Release date: June 7, 2024

Alligator Records
By Mark Thompson

Photo: Roman Sobus

One of Chicago's finest contemporary blues artists, Toronzo Cannon is back with his third release on the venerated Alligator Records label, following two other releases on Delmark Records, another legendary label. In recent years the guitarist has retired from his job of driving a CTA bus, and did his best to survive the Covid years.


 More importantly, Cannon has been dealing with the effects of his divorce, a subject he returns to throughout the 12 original songs composed for this project. His distaste for the emotional wreckage that follows a break-up gets a no-holds-barred airing on “I Hate Love,” an anguished lamentation on his seemingly inescapable grief. Fortunately for him, his guitar provides a safe haven, allowing him to ease the pain emanating from his searing vocal. The mood shifts on “Message To My Daughter,” a beautifully constructed Curtis Mayfield-type ballad that finds the guitarist leaving no doubt as to love he feels for his child, making sure she understands that, “...when me and your Mother split apart, we didn't divorce you too.” Cole DeGenova's keyboard work adds an other-worldly aspect to the track.


“Got Me by the Short Hairs” is a full-blown rocker with Cannon feeling trapped by the aftermath of a one-night stand. Once again he turns to his guitar, cranking out several striking solo passages while detailing a witty twist to the tale. Brian Quinn on bass and Jason “J Roc” Edwards on drums lay down a driving pace on “Unlovable,” which has Cannon at wits end as his woman explicitly complains about him treating her too nicely. Things aren't improving on “If I'm Always Wrong,” a gospel-tinged elegy from a man who has had enough, vowing to be strong, yet not taking the first step out the door.


Another highlight occurs on “My Woman Loves Me Too Much,” a real departure from Cannon's usual approach. He plays acoustic guitar with Quinn on upright bass and guest Matthew Skoller blowing some fine acoustic harmonica on a song that slyly celebrates one of the possible effects of menopause. DeGenova shines one more time on “Guilty,” as Cannon reminds listeners that we all have things to hide, one more fact that speaks to the commonality of the human condition. Things take a funky turn on “Him,” but the guitarist is still dealing with love issues, this time from a woman who can't escape the pain of a past relationship. Cannon does his best to provide comfort before letting his guitar make an eloquent statement on his behalf.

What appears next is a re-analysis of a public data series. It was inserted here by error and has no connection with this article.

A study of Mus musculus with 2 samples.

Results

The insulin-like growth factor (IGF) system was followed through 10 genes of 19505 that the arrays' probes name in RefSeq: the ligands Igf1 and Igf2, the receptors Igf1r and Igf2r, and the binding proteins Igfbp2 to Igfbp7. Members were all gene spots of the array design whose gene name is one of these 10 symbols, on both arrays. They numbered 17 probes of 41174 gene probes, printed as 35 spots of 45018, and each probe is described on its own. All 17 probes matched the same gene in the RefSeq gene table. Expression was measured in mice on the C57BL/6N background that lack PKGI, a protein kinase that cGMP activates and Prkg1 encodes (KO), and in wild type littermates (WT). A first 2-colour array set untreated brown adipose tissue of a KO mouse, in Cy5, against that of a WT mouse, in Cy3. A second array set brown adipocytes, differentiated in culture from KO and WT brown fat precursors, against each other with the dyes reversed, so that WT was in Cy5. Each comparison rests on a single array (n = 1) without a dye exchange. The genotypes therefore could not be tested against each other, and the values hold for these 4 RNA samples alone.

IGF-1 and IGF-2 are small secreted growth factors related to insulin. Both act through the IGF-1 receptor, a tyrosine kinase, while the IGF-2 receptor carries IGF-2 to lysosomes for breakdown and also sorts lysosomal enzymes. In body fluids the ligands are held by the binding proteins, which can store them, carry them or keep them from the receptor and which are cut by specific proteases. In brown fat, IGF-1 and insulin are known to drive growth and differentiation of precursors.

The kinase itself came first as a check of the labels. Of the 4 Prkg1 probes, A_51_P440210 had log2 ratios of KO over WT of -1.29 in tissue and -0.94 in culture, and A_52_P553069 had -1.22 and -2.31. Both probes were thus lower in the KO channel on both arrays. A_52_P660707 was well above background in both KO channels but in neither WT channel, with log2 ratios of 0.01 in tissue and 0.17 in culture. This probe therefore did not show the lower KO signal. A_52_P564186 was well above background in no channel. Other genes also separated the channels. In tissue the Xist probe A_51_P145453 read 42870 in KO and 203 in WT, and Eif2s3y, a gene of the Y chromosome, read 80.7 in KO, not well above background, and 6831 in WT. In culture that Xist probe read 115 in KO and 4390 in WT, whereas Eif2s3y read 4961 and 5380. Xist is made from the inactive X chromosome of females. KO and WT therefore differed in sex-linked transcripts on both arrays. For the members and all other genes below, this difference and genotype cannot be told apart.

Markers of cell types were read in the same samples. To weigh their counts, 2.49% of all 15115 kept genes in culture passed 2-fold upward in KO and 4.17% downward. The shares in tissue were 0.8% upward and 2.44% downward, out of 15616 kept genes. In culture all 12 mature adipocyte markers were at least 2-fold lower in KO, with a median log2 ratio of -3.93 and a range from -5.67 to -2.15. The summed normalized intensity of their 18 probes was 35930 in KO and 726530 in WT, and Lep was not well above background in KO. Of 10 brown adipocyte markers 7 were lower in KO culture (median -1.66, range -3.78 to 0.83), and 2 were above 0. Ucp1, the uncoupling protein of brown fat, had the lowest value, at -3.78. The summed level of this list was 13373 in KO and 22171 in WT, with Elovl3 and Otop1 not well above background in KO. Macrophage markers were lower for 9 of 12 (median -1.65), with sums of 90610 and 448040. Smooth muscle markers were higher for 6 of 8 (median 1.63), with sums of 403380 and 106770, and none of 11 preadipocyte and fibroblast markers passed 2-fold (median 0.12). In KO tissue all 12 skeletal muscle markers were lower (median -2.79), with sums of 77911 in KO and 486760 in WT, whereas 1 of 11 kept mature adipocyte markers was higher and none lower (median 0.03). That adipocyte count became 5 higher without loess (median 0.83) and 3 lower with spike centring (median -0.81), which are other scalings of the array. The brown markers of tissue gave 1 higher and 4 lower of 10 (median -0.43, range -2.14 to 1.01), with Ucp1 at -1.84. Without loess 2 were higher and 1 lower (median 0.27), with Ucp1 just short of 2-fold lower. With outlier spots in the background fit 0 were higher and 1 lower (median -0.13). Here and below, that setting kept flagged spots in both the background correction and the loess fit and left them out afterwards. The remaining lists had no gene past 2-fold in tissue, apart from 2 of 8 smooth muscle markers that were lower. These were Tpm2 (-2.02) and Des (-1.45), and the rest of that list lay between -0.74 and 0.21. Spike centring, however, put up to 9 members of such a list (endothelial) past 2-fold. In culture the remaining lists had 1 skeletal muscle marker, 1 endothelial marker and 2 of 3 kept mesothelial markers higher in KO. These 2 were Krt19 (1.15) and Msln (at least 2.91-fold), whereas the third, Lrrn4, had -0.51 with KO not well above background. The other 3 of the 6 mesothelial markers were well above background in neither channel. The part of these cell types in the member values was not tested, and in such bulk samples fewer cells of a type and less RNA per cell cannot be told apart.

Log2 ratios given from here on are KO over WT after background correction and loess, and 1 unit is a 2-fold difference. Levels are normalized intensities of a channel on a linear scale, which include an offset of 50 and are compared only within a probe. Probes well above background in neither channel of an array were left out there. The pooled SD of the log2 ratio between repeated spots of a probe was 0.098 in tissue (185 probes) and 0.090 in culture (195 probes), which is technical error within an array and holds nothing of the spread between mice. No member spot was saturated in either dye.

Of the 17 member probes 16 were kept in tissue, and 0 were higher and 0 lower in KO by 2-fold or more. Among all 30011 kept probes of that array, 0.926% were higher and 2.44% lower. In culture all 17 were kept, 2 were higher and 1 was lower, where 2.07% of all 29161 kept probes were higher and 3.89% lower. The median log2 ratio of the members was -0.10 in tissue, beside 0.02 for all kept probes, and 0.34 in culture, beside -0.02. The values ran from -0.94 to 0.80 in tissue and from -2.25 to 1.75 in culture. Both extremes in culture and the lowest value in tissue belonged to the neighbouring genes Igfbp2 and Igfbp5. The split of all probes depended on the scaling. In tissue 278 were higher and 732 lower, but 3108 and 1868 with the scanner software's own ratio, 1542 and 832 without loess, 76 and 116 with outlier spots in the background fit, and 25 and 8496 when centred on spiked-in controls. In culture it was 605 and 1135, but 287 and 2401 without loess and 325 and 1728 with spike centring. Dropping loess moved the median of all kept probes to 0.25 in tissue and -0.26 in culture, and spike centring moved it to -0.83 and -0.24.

Things are looking up on the driving “Something To Do Man,” with Cannon at ease being a woman's “boy toy,” and his blistering guitar solo proves he is raring to go! When he takes us to church on “Had To Go Through It To Get To It,” the guitarist joyfully shares some of his life experiences, secure in the knowledge they shaped the man he is today. The title track ends the proceedings with Cannon's scorching response to those who take issue with him speaking out on racial and social injustice in his music. His impassioned voice soars over Hendrix-inspired guitar licks that hark back to “Machine Gun.” It is a fitting climax for all that has come before, with the caveat, “we all should be tired of the double dealing.”


A deeply personal album, Shut Up & Play lacks some of the humor that has always been key element of Cannon's songwriting. Instead he immerses himself into a swirling torrent of emotions with often chilling intensity, undoubtedly praying that his primal screams into the night will bring some measure of relief. It can be tough to listen to, as it should be. Toronzo Cannon speaks his truth about the human experience, and it is something to behold.

About the Author: Mark Thompson lives in Bradenton, Florida and is the past president of the Suncoast Blues Society. A former Chicago area native, he also acted as the president of Rockford/Byron's Crossroads Blues Society. Thompson writes for many blues publications and served on the Board for the Blues Foundation in Memphis, which hosts the annual Blues Music Awards and International Blues Challenge events.